Princess Hates Loud Noises

Dear Mamas,

Ever since our daughter was tiny, she‘s reacted to any sudden, loud noise. When she was a baby I couldn’t even vacuum without her getting all worked up. Barking dogs could send her into wails of terror. Now, at 2, she’s gotten a bit better, but still loses it when a loud lawnmower or construction noise disturb the peace.

We’ve always handled it by removing her from the situation when possible, or reassuring her that it’s okay, it’s just a … fill in the blank. Is this the right approach, or am I missing something? Could something be wrong with her hearing? Is there something more we should be doing? Our older child (who’s 4) never had this problem and we’re starting to worry.

Thanks for your help,


Dear Pam,

This problem is so common that there’s actually a name for it! It’s called phonophobia –  fear of loud noises – and is most common in small children; even very young infants.

Loud noises, like any surprising stimuli, may trigger reactions. For most kids these fears are mild and transient. However some children, like adults, are more sensitive and react more strongly.

Sometimes, phonophobia is the result of a related condition, called hyperacusis, which is a heightened sensitivity to certain tones and sound ranges. Children with hyperacusis actually hear specific sounds differently. Noises that seem normal to others may cause pain and discomfort in these kids.

If your little one’s sensitivity seems to be improving, a watch and wait approach is fine, but if you’re concerned you may want to schedule a full hearing assessment with an audiologist. That way you’ll have a better idea if the issue is behavioral, physical, or a bit of both.

For some children, a simple explanation is enough to reassure them, but for those who are very effected by their phonophobia (or hyperacusis), a combination of approaches is available to help. These include auditory desensitization and self-management techniques, even for preschoolers!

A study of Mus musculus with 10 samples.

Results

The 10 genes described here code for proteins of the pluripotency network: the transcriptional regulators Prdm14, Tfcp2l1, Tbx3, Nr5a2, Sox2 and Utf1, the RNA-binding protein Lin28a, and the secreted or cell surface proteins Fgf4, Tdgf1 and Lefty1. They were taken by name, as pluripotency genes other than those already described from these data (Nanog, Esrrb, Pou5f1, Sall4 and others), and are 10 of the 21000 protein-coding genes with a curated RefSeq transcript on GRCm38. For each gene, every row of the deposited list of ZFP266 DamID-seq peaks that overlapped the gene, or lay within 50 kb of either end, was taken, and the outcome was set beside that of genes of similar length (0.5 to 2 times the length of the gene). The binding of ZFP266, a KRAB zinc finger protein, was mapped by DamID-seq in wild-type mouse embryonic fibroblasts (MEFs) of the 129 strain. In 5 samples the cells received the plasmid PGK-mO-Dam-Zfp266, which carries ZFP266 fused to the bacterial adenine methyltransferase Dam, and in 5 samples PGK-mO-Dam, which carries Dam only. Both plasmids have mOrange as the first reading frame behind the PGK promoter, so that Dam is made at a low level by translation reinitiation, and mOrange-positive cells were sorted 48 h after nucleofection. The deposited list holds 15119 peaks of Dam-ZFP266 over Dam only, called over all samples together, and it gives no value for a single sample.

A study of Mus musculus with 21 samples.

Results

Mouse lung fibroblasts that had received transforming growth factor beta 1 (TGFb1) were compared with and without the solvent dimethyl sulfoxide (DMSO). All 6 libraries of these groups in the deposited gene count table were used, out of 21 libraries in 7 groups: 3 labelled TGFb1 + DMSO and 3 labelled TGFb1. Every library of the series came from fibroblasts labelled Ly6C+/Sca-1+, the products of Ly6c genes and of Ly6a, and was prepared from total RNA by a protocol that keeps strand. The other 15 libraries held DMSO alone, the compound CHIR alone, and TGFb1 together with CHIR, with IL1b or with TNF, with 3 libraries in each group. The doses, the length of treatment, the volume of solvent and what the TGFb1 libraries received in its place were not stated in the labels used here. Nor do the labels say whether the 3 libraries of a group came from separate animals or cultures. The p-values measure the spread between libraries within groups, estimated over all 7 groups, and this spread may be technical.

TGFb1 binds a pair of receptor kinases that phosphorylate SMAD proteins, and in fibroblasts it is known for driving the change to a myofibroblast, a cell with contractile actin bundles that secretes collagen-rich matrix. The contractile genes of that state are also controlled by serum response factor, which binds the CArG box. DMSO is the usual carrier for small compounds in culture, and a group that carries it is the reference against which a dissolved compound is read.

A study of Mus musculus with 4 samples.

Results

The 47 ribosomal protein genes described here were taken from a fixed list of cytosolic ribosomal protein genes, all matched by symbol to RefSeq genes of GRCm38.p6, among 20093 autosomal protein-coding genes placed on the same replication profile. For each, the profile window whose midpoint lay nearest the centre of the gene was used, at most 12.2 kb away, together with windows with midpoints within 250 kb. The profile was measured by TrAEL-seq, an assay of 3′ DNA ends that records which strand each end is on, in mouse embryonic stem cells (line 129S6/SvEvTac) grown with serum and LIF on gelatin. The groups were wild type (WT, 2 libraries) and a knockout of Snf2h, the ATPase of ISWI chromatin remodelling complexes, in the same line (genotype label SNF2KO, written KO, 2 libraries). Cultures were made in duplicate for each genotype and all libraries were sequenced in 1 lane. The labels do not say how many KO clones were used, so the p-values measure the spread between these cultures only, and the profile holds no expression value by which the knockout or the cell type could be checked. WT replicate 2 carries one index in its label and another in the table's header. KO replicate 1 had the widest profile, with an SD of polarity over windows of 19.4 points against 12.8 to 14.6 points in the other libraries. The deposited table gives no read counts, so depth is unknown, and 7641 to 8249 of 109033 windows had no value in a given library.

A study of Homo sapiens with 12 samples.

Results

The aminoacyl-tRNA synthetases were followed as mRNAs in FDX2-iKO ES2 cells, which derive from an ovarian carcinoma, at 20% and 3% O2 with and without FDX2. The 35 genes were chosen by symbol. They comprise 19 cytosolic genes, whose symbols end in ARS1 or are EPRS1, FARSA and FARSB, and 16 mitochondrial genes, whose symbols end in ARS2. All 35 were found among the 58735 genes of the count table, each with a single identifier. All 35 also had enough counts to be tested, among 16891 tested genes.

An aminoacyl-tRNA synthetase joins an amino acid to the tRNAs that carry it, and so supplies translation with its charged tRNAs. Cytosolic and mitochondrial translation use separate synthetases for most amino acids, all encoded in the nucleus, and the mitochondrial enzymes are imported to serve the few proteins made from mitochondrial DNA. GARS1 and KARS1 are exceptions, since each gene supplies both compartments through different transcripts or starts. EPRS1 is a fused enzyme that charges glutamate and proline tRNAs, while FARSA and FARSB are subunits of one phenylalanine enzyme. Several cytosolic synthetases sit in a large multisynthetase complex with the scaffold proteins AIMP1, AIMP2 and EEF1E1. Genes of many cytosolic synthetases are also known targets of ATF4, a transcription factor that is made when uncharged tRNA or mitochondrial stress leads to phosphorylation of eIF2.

The idea is to make your daughter more comfortable around sudden noises and prevent the development of long-term fears. Addressing the problem may also make you more relaxed and less concerned about when the next barking dog or lawnmower is going to send her into a tailspin.

Hope that helps!

~ Dr. Mama

Email This Post Email This Post

Rachel Zahn, MD is a pediatrician turned health writer who had three kids during medical school and pediatric training—crazy, huh?

Warning: Illegal string offset 'echo' in /home/mamasonc/public_html/mama/wp-content/themes/hybrid/library/extensions/custom-field-series.php on line 157

Leave a Reply




With One or Both of Us

Go to & for the scoop!

Phone • Internet • Your Home or Group

Listen up

No Meat For Me!

Is a vegetarian diet really okay for little ones?

Watch This!

Keep their science muscles growing with these easy, fun experiments!

What You Said

  • Ellen Schrier: Thank you so much! Please come back often!
  • Ellen Schrier: Hi Lisa, Sorry for the very late response. We are sorry to hear about your daughter and are sure that...
  • Lisa jacobs: My daughter was in a car accident and now has a concussion. She is plan to go to Mexico City which is a...
  • RF: Well my baby had her first two bottom theeth at 10 months old and i tought so far so good and then now at 11...
  • kupon rabatowy apart: I am actually thankful to the owner of this site who has shared this impressive article at at...
  • ofertas cine: That is a great tip particularly to those fresh to the blogosphere. Brief but very precise info… Thanks...
  • Commercial Real Estate: Hello there, You have done a great job. I will definitely digg it and personally suggest to...
  • actualite: Hi to every one, the contents present at this website are really remarkable for people knowledge, well,...
  • bonne année 2017: You need to be a part of a contest for one of the greatest websites on the web. I’m going to...
  • Samantha: My daughter wakes up with a rash on her face, back, neck, arms and some times hand. Once she starts moving...

Just so you know

The Mama ButtonThe information provided by MamasOnCall is not intended as a substitute for professional advice, but is for information purposes only. You assume full responsibility for the health and well-being of your family. Talk with your healthcare provider about any questions you may have regarding a medical or psychiatric condition.